Dundee GOP's Prestia calls out Rep. Casten's comments on pay raises as 'out-of-touch elitism'
Linda Prestia considers 6th Congressional District Rep. Sean Casten (D-Downers Grove) to be another out-of-touch liberal Democrat elitist who cares more for his influential Washington peers than the hardworking Illinoisans who elected him.
Prestia, a committeewoman for the Dundee Township Republican Organization who lives in U.S. House Rep. Casten's 6th District, told the Kane County Reporter that Casten's comments to The Hill in support of a 2.6-percent cost-of-living raise for congressional members are wrong. Casten, who defeated incumbent Peter Roskam last November, told the Hill he defends the increase of $4,500 above the current $174,000 salary because he wants to attract the "best and brightest" to represent Illinois.
"When I ran my company, I paid a competitive wage," Casten said.
Prestia said Casten is the former owner of a failed green energy business who lobbied for tax breaks that Roskam would not grant.
"That is the real reason why Casten sought office; it was in retaliation for Rep. Roskam not giving in to his demands," Prestia said.
Casten, a member of the Climate Crisis Committee, should back legislation that demands elected officials who own green energy businesses be exempt from voting on tax breaks or policies that benefit them or family members, according to Prestia. She said along with the $174,000 annual salary, members of Congress "yield big power," especially with job perks like health insurance, recesses and pensions after only a few terms.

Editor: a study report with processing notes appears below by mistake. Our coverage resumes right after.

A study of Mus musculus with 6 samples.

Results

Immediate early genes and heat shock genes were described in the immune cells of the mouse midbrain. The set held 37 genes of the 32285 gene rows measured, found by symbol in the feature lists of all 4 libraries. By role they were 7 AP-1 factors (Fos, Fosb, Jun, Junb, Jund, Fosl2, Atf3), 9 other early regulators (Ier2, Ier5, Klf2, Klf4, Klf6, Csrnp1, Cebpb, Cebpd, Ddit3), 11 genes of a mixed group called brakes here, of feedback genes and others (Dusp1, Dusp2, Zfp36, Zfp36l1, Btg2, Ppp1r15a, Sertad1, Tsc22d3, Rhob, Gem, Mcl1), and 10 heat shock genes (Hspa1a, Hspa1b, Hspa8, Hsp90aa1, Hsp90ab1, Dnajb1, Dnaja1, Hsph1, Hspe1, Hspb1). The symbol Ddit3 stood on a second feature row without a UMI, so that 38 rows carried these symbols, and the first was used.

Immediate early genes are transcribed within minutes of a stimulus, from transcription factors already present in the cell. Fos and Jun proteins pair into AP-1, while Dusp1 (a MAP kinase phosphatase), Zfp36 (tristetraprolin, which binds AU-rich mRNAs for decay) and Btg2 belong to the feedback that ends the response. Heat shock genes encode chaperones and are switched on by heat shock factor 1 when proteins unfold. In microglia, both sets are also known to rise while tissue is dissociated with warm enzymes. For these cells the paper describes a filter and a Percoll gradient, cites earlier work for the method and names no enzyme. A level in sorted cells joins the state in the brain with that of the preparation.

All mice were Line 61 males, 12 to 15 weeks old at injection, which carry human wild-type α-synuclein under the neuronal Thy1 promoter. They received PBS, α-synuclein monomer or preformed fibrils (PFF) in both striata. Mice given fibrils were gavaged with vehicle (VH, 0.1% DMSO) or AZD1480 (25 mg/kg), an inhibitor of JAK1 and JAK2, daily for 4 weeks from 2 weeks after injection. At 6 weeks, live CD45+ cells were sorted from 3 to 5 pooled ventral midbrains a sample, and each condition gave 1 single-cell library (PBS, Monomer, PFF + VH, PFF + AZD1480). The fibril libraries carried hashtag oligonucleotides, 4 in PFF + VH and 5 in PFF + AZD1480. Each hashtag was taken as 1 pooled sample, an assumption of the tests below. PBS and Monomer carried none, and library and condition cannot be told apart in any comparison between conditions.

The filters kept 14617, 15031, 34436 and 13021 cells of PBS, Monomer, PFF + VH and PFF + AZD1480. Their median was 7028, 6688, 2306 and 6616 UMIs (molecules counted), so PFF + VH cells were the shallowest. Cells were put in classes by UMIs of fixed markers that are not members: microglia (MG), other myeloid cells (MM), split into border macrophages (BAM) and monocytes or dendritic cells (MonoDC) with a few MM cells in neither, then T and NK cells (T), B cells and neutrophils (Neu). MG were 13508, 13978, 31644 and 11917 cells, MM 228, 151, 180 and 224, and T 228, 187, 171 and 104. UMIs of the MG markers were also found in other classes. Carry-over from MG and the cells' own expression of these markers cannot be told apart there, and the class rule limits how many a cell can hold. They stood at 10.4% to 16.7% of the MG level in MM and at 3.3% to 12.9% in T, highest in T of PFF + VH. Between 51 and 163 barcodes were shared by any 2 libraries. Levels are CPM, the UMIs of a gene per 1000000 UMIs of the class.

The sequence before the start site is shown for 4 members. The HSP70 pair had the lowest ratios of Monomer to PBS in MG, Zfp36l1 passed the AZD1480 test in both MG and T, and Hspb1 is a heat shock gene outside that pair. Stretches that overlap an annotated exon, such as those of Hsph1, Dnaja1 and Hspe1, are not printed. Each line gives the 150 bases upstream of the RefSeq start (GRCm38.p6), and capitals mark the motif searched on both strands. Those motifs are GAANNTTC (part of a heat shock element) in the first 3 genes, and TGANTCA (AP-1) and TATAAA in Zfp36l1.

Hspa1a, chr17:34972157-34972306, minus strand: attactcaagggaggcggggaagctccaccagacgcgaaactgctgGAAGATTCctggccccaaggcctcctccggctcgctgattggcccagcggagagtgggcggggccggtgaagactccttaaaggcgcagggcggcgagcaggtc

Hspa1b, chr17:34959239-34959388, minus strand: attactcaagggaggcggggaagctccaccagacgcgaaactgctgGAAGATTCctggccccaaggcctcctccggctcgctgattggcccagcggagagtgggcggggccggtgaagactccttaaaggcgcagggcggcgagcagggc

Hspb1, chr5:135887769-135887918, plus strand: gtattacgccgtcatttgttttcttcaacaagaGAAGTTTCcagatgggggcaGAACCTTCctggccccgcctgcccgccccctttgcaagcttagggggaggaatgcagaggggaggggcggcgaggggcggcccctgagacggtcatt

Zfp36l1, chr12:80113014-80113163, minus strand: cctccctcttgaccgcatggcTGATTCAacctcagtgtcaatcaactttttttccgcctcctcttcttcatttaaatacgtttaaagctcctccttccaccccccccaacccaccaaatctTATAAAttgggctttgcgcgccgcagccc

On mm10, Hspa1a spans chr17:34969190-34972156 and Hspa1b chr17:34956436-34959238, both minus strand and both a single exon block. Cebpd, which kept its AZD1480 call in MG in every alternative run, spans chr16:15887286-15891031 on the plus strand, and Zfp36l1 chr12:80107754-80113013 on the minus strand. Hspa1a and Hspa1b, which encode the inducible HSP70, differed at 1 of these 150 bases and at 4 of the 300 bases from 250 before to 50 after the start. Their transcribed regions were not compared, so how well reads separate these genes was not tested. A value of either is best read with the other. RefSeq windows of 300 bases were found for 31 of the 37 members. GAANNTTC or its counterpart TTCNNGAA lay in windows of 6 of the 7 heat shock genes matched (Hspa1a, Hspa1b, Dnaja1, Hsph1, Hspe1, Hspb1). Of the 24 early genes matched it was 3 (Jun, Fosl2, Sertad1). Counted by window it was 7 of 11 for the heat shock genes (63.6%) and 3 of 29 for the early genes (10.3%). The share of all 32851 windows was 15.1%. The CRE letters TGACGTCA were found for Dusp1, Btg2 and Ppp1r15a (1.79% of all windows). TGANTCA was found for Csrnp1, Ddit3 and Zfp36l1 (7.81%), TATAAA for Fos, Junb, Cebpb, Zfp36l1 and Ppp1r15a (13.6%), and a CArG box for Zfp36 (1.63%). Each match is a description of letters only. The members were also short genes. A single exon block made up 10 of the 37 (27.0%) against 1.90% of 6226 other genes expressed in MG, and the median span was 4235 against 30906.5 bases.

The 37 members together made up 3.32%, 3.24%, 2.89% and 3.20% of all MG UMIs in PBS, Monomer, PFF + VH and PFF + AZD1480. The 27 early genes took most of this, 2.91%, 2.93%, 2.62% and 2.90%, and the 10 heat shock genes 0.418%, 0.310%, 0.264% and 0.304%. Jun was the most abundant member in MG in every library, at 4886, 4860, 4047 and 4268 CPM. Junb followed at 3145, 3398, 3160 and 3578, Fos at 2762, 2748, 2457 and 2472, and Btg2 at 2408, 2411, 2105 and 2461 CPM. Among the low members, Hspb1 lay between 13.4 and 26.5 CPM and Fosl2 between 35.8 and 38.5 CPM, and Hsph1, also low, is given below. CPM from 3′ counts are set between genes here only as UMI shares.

Prestia also pointed out that Casten sits on three Congressional House committees, all of which he gets additional taxpayer-funded compensation to serve on.
"It's rather ironic that our Illinois Congressman, who has only been there less than a year, would advocate for a pay hike for himself after we here in Illinois will be further held hostage by expansive tax burdens implemented by the same controlling Democrats who poured big money into his race to help him win," Prestia said.
However, Casten contends that Washington can be expensive.
"I didn't tell people, come here because you're so committed to our mission that you're willing to, you know, sleep on your friend's couch and work for peanuts," Casten told The Hill. "It's horrible that we force people to do that."
Casten's comments bring Prestia to one conclusion.
"I think voters who turned out to vote for Casten and his fellow Democrats were either low-information voters, or they are the same out-of-touch elitists like Casten," Prestia said. "I didn't forget during the televised debate a year ago when Casten declared the best way to grow the economy is to increase taxes."